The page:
Background: Excess alarms cause a phenomenon, known as alarm fatigue, in which medical providers become desensitized to constant noise emitted from monitors & fail to notice or react to alarms which can lead to patient safety concerns. With the acceleration of remote monitoring & monitoring hubs, it is critical to minimize unactionable alarms and prevent alarm fatigue.
Purpose: The purpose of our project was to create a multi-step approach to minimize unactionable alarms within our hospital system and in turn, prevent alarm fatigue amongst front line providers.
Description: Utilizing DMAIC methodology, we evaluated our institutions alarms, policies, & equipment manufacturer recommendations. Next, we reviewed internal data and identified pulse oximetry alarms as our largest contributor to alarms, creating 60-65% of our institution’s total alarms. Our pulse oximetry alarms were initially set to alarm when a patient’s oxygen saturation fell below 92%. This was not commonly adjusted by providers despite the patient’s clinical condition. Therefore, we reviewed available literature to identify best practices & changed our institutional pulse oximetry alarm threshold to 88%, with the caveat providers could always increase the threshold for specific clinical conditions (example – reperfusion after cerebral thrombectomy). This change was made in October of 2014 and resulted in a decrease in alarms from 1.36 million alarms per month to 914,261 alarms per month by October 2019. This represents a sustained reduction of 33% in unactionable alarms despite hospital growth & increased number of hospitalized patients. In 2019, we again utilized a multidisciplinary team and DMAIC methodology to repeat a similar process as noted for pulse oximetry, for cardiac monitoring. In addition we partnered with General Electric (GE), our cardiac monitor manufacturer, to review industry alarm nomenclature, policy and recommendations. Partnering with GE, we were able to streamline nomenclature to remove redundant audible alarms. Specifically we were able remove audible alarms from nomenclature associated with tachycardia, SV tachycardia, and bradycardia, as they alarmed with other names as well. In 2019, we also utilized DMAIC methodology to run pilots on multiple units in our hospital system including the heart hospital, cancer center, and university hospital to standardize audible heart rate alarm limits. Based on our pilots, we were able to reduce the heart rate lower limit from manufacturer standard of 50 beats per minute to 45 beats per minute & increase the upper limit to 130 beat per minute. These changes did not result in any increased patient harm or safety events. Thus in November 2019, we implemented the new heart rate limits across our institution. These changes resulted in a decrease in alarms from 800,000 alarms per month in November of 2019 to 628,287 alarms per month by October 2022. This represents an additional reduction of about 20% in unactionable alarms.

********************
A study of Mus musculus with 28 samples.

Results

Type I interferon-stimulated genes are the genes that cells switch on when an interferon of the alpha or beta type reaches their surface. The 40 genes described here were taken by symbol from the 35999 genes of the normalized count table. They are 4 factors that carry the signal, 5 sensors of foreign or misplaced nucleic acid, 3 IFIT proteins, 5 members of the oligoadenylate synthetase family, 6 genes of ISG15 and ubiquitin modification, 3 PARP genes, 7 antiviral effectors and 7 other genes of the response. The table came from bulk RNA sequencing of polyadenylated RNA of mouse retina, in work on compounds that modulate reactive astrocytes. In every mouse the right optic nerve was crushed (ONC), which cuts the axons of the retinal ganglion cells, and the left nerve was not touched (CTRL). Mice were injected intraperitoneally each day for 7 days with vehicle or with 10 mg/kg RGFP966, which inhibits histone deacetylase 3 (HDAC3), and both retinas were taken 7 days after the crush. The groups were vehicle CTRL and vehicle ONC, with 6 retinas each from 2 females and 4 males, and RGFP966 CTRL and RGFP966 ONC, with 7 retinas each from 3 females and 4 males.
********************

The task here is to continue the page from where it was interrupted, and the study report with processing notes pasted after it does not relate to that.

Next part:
Conclusions: Utilizing DMAIC methodology, partnering with physiologic monitoring manufacturers and frontline providers, we have been able to reduce audible alarm noise across our institution by close to 50% over the past decade. These results sustained through the COVID pandemic despite the increased usage of physiologic monitoring. Lessons learned from this process will be paramount to reduce alarm fatigue as hospitals continue to implement remote monitoring & monitoring hubs.